Agroforestry and Biodiversity
The meeting took place from 13th to 14th May 2014
Schumacher College, Dartington, Devon
Bethan Stagg, Schumacher College (Bethan.Stagg@schumachercollege.org.uk)
No data or images to be copied from this report, or the presentations within it, without the written permission of the author(s).
Field visit to Shillingford Organics (at Shillingford Abbott, near Exeter).
Bethan Stagg – Introduction and welcome
Jo Smith (Organic Research Centre, Elm Farm) – Wakelyns Agroforestry: functional biodiversity in an organic silvoarable system
Nasren Rekany (Reading University) – The spatial distribution and functioning of invertebrates in organic agroforestry systems
John Holland (SRUC Hill and Mountain Research Centre, Kirkton) – Mountain woodland biodiversity; an update on the hill sheep and native woodland project
Michael Jide Nworji (School of Environment, Natural Resources and Geography, Bangor University) – Review of 20 years of ecosystem services research at Henfaes Silvopastoral National Network Experiment
David Gibbons (Freelance Researcher, Trainer, Reviewer, York) – Aims and history of the European International Farming Systems Association
Paul Burgess1, Anil Graves1, J. Smith2 and J. McAdam3 ( 1Cranfield University, 2 Organic Research Centre, Elm Farm, 3 Agrifood and Biosciences Institute, Belfast) – Using participative stakeholder networks to promote agroforestry in the UK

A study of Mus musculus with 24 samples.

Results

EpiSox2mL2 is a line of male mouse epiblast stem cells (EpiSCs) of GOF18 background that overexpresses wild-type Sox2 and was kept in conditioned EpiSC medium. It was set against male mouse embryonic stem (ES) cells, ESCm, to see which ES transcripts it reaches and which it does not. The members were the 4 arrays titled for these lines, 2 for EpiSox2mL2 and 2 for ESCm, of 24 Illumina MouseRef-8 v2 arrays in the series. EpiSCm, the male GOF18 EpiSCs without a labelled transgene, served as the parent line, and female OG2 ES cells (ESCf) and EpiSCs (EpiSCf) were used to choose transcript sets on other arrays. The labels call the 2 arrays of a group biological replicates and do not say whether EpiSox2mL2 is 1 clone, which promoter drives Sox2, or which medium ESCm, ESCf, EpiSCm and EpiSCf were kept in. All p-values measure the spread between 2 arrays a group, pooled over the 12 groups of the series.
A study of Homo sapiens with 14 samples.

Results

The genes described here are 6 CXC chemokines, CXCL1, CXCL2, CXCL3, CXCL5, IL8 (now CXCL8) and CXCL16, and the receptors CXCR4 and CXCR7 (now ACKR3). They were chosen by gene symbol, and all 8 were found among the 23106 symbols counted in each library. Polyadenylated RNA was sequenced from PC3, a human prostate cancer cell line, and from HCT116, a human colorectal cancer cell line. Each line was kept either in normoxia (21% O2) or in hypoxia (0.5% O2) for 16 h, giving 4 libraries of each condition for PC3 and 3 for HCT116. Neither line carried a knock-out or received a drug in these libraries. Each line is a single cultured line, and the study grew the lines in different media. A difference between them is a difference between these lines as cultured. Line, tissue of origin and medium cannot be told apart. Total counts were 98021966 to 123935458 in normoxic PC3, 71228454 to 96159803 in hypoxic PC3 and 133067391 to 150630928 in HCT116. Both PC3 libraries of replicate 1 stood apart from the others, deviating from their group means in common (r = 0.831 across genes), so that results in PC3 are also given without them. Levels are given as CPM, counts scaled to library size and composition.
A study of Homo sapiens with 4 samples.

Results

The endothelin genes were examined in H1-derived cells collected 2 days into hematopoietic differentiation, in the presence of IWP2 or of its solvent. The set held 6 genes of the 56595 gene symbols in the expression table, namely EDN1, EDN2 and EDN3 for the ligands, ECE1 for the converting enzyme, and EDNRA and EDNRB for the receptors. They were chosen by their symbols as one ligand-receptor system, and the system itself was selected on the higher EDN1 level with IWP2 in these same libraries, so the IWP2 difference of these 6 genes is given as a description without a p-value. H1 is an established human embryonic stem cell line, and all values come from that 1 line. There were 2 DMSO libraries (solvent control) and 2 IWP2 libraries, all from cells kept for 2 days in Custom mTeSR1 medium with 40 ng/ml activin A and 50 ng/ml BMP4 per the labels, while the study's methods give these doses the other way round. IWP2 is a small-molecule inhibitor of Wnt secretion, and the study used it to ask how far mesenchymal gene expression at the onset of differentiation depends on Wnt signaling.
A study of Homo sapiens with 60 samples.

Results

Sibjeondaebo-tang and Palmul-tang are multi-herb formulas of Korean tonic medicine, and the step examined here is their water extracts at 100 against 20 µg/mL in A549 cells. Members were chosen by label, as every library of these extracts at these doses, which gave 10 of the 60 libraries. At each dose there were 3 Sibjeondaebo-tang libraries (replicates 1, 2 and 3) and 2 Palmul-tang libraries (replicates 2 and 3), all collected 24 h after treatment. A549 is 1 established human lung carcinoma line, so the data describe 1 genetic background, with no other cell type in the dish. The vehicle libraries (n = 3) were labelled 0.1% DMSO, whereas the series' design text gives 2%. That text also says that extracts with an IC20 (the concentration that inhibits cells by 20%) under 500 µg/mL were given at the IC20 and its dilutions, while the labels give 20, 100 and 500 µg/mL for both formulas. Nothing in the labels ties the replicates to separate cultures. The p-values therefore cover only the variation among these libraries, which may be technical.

Agroforestry news and discussion from around the UK (led by Mike Strachan, Forestry Commission, Scotland)
In Scotland, agroforestry has been included in SRDP2. There is no support for silvoarable systems, but there will be grant support for establishment of new silvopastoral systems under pillar 2 (agri-environment) for 200 and 400 trees per hectare, with insistence on pruning. Trees to be protected by weld mesh. Indicative funding of £10 per tree (for establishment costs). There will be support for shelter belts (minimum of 15 m depth, any length supported). There will be support for woodland grazing (indicative annual payment of £120 per hectare for up to 5 years for native woodland, subject to an approved management plan). There will be support for livestock removal from woodlands (at indicative level of £43 per hectare per year, where there has been too much grazing). There will be grants for water supply in managed grazing. The Scottish Agricultural Organisation Society Ltd has established a new co-operative for farmers to bank their carbon offsets from farm woodland.
In England, a report on provision for agroforestry for Natural England was sent to stakeholders. However, support for agroforestry under pillar 2 was not supported by the government. There has been lobbying of the Minister of State for Environment, Farming and Rural Affairs, but this has not been successful. It was suggested that some support may be available under Forestry regulations, and that forestry now seems to cover very small land areas.
Wales, Northern Ireland. Nothing reported.
Field visit to Shillingford Organics, near Exeter
Forum participants were shown round the farm by Martyn Bragg, the proprietor, to whom we extend our thanks.
Field visit to the Agroforestry Research Trust (Dartington), managed by Martin Crawford (www.agroforestry.co.uk).
High diversity forest garden established 20 years ago.
Agroforestry trials (3 ha) including mixed variety stands of walnut, sweet chestnut, hazelnut and several novel fruit and nut species.